In the whole wide world of drinks, there’s nothing more intimidating to me than a sake menu. Staring at the thirty-six selections at Kushi Izakaya & Sushi, my brain usually goes blank. Add shochu and my head really spins. It may be the Japanese. At least I can bumble my way through a French wine list, but sake? Forget it. So when my WLDC partner-in-photographic-crime Max Cook and I had the chance to spend some time with their beverage director, George Young, to learn about sake, we jumped. Well, I jumped, Max loves sushi more than sake. But after just an hour reviewing the basics of production and sampling the menu, I felt much less intimidated and am now eager to explore more.
Luckily, George himself is newly converted to the joys of sake and proved the perfect host to de-mystify the nature of rice wine. Wait, let’s start with that phrase – sake isn’t actually “rice wine,” as wine implies production from fruit. Sake comes from rice, and therefore is considered its own category. But how does rice become sake? What’s the difference between those cloudy white liquids and the clear ones? And what about hot versus cold? George patiently explained it all for us.
When you’re at the sake bar at Kushi, ask to see the packets of rice they keep on hand to show the difference between the various percentages of polished rice. It helps illustrate the production process, and was fascinating to me. Making sake starts with the original grain, which is then polished down to remove the bran and get to the starch in the center. The more you polish, the more the flavor is affected. After all that polishing abuse, the rice takes a spa break – resting and then soaking in water. It needs to rest otherwise the kernels might crack open in the bath (rather like me on a bad day). Then it’s steamed. Traditionally at this point it was left outside to gather mold. Nowadays they add special strains of mold in a scientifically controlled environment, so don’t freak out. Mold breaks down the starches to sugar, and yeast is added to convert the sugars to alcohol- it’s called parallel fermentation as the mold and yeast react at the same time. Ah, perfect harmony, resulting in an ability to brew up to 20% alcohol. But you’re not drinking it yet! It’s got to mash, mash, mash and then get pressed before finally being filtered by either coarse or charcoal methods. The whole process has a lot more in common with beer than with wine.
Kushi’s sake menu is helpfully divided into the different styles of sake, from nigori (unfiltered), nama (unpasteurized, basically a living bottle of liquid) and honjozo (an old style brew with rice polished below 70%), to ginjo (below 60%), daiginjo (below 50%), and so on. They’ve also ascribed a “Sake Meter Value” to each bottle to help you navigate between sweet and dry. It may be the most helpful sake menu I’ve seen, and George’s staff has undergone an extensive education to steer you towards the best bottle for you.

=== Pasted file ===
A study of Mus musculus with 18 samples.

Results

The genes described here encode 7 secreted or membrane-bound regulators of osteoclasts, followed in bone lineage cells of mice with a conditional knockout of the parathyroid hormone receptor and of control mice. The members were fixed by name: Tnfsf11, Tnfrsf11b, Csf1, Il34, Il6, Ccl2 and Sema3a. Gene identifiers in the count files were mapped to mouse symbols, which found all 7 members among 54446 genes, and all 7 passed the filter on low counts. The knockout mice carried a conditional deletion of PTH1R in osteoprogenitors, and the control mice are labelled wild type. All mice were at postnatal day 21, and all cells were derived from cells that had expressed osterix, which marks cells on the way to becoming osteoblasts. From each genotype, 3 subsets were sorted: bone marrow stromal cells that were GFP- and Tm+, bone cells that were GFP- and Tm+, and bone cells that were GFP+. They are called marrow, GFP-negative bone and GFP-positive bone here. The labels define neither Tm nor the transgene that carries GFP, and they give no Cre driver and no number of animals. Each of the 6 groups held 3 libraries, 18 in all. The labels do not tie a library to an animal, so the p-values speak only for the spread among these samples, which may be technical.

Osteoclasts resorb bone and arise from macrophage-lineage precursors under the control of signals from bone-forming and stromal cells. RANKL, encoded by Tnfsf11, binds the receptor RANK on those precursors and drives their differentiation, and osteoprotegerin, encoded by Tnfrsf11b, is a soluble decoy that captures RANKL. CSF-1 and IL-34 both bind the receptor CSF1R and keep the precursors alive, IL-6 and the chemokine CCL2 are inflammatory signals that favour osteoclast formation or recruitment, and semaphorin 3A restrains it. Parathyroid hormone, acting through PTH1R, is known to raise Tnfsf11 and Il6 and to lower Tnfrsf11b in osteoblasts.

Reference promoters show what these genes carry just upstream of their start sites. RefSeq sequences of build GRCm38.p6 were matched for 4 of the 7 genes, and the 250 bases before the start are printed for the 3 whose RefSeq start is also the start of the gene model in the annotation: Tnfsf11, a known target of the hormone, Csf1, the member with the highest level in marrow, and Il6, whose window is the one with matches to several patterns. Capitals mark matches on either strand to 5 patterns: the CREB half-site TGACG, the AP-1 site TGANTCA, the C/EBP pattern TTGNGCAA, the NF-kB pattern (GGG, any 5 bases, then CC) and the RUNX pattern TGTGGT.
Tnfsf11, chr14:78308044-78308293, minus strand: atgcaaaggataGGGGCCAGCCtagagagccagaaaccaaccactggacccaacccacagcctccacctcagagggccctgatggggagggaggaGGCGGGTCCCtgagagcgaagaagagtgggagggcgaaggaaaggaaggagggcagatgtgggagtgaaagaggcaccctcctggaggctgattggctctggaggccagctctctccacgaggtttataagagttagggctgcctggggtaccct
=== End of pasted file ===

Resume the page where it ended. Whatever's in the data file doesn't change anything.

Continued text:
I’ve tried nigori in the past and was curious to sample a good bottle of the unfiltered, milky white sake. George poured out a cup of Hakushika “Snow Beauty” for me, with an SMV of 55- which would make it one of the sweetest on the menu. To me, the flavor didn’t register as strongly sweet, but more tart at the finish, probably due to the acidity content. Since the Kushi tasting I’ve ordered it again and just love the full-bodied, rich viscosity with that kick at the end.
On the other end of the spectrum were two filtered sakes. First up, the Born Muroka “Nama Genshu” with an SMV of 4+ making it semi-dry, and it’s a junmai daiginjo, so the rice was polished below 50%. There were hints of cherry and oak, highlighting for me just how complex sake can be. The clear favorite for me was the Hakushika Kuromatsu “Noble Crane” (side note, I love the poetic names), with an SMV of 1-, just a touch semi-sweet. I’ve been practicing saying it three times fast ever since. The flavor was delightful, to my palate faintly reminiscent of mead without any cloying sweetness.
One of the best ways to learn about sake at Kushi is to do a flight of three different types, as we did, so you can understand the variations. Food pairing is also a good way to get into it. George suggested pairing the unfiltered sake with more oily fish like mackerel, and the filtered sake with more delicate fish. Then there’s the hot versus cold question. Serving sake hot came about in the good old days before pasteurization, George explained, and is still done in the winter, but higher quality sake should always be drunk cold.
There’s obviously a lot still to learn about sake, and I’m inspired to do more research. If that means I have to drink sake and eat sushi alongside it for days, that’s hardly a sacrifice. If you’re not a sushi fan, Kushi is also known for its robata wood-grilling, and the smell alone drive me crazy while sitting at the bar. And if you just can’t get into sake, there’s plenty of liquid lessons to learn about Japanese whisky! Diving into the careful craft of another culture’s beverages is simply rewarding. While showing us the sake cold storage, George told us about the little cans of sake that are sold in vending machines in Japan. When it neatly combines my love of miniatures with convenient innovation, how can I not love sake now?